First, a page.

And do not be drunk with wine, in which is dissipation; but be filled with the Spirit, speaking to one another in psalms and hymns and spiritual songs, singing and making melody in your heart to the Lord. (Eph 5:18,19)
It may be odd that the apostle Paul contrasts being drunk with wine to being filled with the Spirit. Perhaps one of the similarities between them is for seeking joy and comfort. In days of stress or gloom, people may have a drink to soothe or forget about their problems. However, it can be harmful when we are dependent on alcohol for our inner peace. Drunkenness leads to ruin. As believers in the living God, we can find joy, peace, and comfort by being filled with the Spirit.
Bearing with one another, and forgiving one another, if anyone has a complaint against another; even as Christ forgave you, so you also must do. (Col 3:13)
Because of our human nature, there’s probably someone out there that we just can’t get along with. Forgiveness can be difficult when intense pain has been caused by wrongdoings. It is so hard for us to forgive and forget. Even though we try to forgive, those hurtful thoughts may keep creeping up in our minds. Through the power of the Holy Spirit, we need to stop our fights or arguments, ask God for healing, and learn to forgive and forget. If not, we won’t have inner peace. Worst of all, if we do not forgive, just as God in Christ also has forgiven us, God will not forgive us (Mt 6:15).
And do not be conformed to this world, but be transformed by the renewing of your mind, that you may prove what is that good and acceptable and perfect will of God. (Rom 12:2)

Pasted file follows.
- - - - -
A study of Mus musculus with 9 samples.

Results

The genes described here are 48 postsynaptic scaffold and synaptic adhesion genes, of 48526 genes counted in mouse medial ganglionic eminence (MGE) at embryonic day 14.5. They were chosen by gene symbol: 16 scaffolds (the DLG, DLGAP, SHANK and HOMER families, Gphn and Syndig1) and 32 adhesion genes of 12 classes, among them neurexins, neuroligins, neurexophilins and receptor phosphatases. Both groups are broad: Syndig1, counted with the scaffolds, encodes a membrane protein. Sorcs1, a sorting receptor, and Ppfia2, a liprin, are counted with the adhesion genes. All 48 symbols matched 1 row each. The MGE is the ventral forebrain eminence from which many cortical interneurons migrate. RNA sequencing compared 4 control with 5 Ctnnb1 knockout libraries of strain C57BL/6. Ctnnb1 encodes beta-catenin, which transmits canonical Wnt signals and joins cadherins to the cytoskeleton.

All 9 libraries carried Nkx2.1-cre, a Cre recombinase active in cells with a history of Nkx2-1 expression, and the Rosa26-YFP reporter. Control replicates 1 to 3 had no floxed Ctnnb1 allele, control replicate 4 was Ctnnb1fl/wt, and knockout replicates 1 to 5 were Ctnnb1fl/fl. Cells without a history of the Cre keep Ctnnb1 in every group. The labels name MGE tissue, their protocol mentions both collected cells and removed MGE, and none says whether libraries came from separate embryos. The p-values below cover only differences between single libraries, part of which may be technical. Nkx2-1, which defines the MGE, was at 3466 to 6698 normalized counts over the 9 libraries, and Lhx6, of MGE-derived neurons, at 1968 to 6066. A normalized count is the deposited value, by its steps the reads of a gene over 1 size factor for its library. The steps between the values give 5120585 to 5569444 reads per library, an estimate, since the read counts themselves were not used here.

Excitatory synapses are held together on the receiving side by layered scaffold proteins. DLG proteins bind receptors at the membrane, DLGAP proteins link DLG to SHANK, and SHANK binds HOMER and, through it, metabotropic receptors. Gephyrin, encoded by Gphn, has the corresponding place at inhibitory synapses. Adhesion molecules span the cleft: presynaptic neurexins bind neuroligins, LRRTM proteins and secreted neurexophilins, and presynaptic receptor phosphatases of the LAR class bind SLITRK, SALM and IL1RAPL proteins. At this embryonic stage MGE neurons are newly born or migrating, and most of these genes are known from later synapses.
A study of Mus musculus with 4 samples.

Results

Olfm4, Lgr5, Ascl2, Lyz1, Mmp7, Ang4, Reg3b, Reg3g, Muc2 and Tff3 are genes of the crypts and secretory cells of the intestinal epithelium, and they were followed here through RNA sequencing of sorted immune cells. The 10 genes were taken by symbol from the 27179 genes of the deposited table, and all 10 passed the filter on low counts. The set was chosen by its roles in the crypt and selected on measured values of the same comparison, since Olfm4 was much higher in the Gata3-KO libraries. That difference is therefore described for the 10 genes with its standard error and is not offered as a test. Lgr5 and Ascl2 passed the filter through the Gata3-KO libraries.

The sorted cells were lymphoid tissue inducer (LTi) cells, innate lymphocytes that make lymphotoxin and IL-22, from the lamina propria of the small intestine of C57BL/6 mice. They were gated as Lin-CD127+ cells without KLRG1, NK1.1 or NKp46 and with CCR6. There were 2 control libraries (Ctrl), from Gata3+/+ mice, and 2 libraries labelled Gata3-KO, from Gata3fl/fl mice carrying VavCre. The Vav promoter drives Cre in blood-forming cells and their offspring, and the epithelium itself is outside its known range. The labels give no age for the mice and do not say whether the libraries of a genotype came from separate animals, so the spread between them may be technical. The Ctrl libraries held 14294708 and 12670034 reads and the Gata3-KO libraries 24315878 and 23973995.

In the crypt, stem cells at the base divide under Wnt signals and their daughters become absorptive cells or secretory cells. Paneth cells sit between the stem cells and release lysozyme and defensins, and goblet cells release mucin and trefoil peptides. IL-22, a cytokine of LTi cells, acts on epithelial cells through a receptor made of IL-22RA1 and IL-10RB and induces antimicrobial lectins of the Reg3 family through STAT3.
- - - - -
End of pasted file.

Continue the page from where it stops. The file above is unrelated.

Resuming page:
A New Year’s resolution is a promise people make to themselves to be better. For many people, the New Year is a good time for a fresh start. New Year’s resolutions are usually about living healthier, having more success, or finding satisfaction in life. Some common New Year’s resolutions are to lose weight, exercise more, learn a new skill, save money, etc. These resolutions are not of a religious nature. However, the New Year can be a time to reflect upon our spiritual growth and set a goal for spiritual renewal.
After a dramatic episode involving God plaguing Pharaoh’s house on account of Abram’s wife, Sarai, Abram and Sarai were basically kicked out of the land of Egypt.
Prior to this taking place, God had called Abram from his own country and promised to give him descendants who would inherit the land of Canaan. Once there, Abram pitched his tent between Bethel and Ai, built an altar to the Lord, and called on His name (Gen 12:8). But when a severe famine hit the land, in a moment of weakness, Abram left God’s promises behind and went down to Egypt. If God had not intervened by sending plagues upon Pharaoh’s house, Abram would have lost his wife Sarai and the hope of having descendants through her—for he had lied about Sarai being his sister.
But Jesus said to them, “You do not know what you ask. Are you able to drink the cup that I drink, and be baptized with the baptism that I am baptized with?” (Mk 10:38, cf. v39-40; Lk 12:50)
The baptism that Jesus was referring to here is not water baptism, but the baptism of trials and suffering. When I was young and an unbeliever, I used to wonder, “Why are good kids bullied in school? If the problem is not with them, why are they ostracized for being good?” It took me a while to realize that such kids—coming from good, loving, and often privileged homes, who are meek, good-tempered, and usually bright—are frequently the target of bullies because of jealousy. This is often inexplicable, but the human psyche is not easy to understand. Is it better then for them to renounce their good nature or privilege just to avoid the bullying? Of course not.